Recently I started going to a new dentist. If you remember, in the last month I wrote a piece called, “The mouth as the gateway to wellness” so I’m following my own advice. I like the dentist not only because she knows what she’s doing, but she’s very clear on her mission for her patients, “helping patients to keep their own teeth for the rest of their lives”. That requires preventive work and fixing problems so they don’t proceed any further. All this takes money. I’ll do another post in the coming weeks on dental insurance but it’s still too raw.
Anyhow, one of the things they use is injectable powdered antibiotics below the gum line. The original estimate had the split where I pay $11 and the insurance pays $45 per tooth. When I went last week the bill was unusually high so I called the next day for an explanation of the charges. The front office person informed me that the insurance isn’t covering any of the antibiotic so the $56 per tooth was all on me. Don’t you think it would have been nice for someone to point this out before they injected me with 6 x $56?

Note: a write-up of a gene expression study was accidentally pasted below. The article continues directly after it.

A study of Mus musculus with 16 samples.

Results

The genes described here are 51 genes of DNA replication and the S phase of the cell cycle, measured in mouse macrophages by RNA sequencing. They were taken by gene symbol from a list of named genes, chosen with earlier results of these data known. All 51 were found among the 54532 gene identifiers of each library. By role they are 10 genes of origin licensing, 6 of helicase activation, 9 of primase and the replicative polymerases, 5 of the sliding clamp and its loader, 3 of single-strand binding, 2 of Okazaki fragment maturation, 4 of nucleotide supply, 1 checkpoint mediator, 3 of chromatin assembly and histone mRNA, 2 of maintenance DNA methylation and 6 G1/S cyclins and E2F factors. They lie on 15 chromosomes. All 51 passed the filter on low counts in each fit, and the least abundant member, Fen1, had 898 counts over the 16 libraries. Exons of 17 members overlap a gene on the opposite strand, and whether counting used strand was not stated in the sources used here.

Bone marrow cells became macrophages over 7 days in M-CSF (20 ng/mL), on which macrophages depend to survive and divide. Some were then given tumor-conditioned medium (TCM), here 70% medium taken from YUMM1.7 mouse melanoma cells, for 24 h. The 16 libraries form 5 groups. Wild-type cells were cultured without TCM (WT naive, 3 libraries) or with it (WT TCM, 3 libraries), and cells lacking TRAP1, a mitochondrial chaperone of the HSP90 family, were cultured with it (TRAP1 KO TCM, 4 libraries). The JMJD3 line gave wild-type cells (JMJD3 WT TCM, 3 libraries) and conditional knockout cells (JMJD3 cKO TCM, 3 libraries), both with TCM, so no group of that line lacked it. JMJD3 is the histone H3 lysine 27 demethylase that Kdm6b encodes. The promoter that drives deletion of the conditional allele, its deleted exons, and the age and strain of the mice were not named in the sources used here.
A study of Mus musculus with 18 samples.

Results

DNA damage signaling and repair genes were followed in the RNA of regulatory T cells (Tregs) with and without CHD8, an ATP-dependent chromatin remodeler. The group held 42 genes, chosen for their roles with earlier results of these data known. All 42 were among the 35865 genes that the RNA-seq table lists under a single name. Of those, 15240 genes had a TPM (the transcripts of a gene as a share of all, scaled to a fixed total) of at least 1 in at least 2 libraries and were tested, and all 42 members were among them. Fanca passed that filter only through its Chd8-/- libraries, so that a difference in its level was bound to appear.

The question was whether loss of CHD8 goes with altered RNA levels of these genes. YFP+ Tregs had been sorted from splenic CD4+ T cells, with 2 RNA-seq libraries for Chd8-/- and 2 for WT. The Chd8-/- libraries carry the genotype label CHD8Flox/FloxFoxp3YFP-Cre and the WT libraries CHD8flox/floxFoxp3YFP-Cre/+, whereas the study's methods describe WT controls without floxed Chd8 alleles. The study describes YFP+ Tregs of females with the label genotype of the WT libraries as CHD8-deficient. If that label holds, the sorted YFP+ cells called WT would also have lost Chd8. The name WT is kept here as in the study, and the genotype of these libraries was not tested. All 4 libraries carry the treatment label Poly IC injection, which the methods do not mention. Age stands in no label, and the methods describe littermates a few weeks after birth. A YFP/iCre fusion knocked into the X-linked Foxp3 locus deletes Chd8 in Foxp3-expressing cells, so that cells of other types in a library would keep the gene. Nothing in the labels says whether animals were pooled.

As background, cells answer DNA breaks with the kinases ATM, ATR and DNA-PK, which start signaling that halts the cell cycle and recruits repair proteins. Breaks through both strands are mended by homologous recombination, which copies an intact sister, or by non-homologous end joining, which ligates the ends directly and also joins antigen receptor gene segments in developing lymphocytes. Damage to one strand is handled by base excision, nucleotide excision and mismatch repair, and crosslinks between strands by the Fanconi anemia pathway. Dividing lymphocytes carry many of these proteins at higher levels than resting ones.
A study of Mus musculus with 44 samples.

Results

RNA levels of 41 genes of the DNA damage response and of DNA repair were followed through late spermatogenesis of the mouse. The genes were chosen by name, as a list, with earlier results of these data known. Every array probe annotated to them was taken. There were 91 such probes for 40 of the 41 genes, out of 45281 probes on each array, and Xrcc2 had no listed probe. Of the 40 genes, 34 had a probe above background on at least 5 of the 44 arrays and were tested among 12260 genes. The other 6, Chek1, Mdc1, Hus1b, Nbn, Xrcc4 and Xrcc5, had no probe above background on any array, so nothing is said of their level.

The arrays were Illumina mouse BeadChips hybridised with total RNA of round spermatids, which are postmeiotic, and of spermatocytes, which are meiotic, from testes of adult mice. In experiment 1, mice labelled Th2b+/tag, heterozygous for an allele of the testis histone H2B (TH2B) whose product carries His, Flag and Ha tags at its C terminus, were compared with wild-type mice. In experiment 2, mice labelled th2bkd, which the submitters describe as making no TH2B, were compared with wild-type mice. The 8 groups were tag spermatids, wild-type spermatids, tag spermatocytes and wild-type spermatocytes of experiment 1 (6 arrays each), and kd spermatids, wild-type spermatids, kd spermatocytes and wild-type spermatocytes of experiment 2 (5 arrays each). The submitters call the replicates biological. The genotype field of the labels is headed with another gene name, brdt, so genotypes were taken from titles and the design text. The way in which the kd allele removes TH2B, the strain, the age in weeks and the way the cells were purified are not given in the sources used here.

I can tell you that business practices are one of the reasons that I personally have changed doctors and dentists in the past. The front office/business manager is just as much a part of the medical team as the doctor, medical assistants, dental hygenists, etc. I understand that their job is to increase the revenue of the office but not in deceiving ways. I left my las dentist because I didn’t like their business practices.
As a patient, especially someone diagnosed with a chronic or life-altering illness we have to understand that business is part of medicine. The question is how do we keep these medical business managers in line so their practices are in line with the doctor they represent. The mission should be the same for everyone in the office. Full disclosure has to be a part of the process or we as patients begin to wonder what else the medical/dental staff is hiding or not sharing.
What’s the moral of the story? I’m now a much more informed consumer at the dentist. I ask more questions and what they think is important may be for their own bottom line, but it may not change the outcome of my care so why go into debt for something that is a fringe benefit and not a defining moment.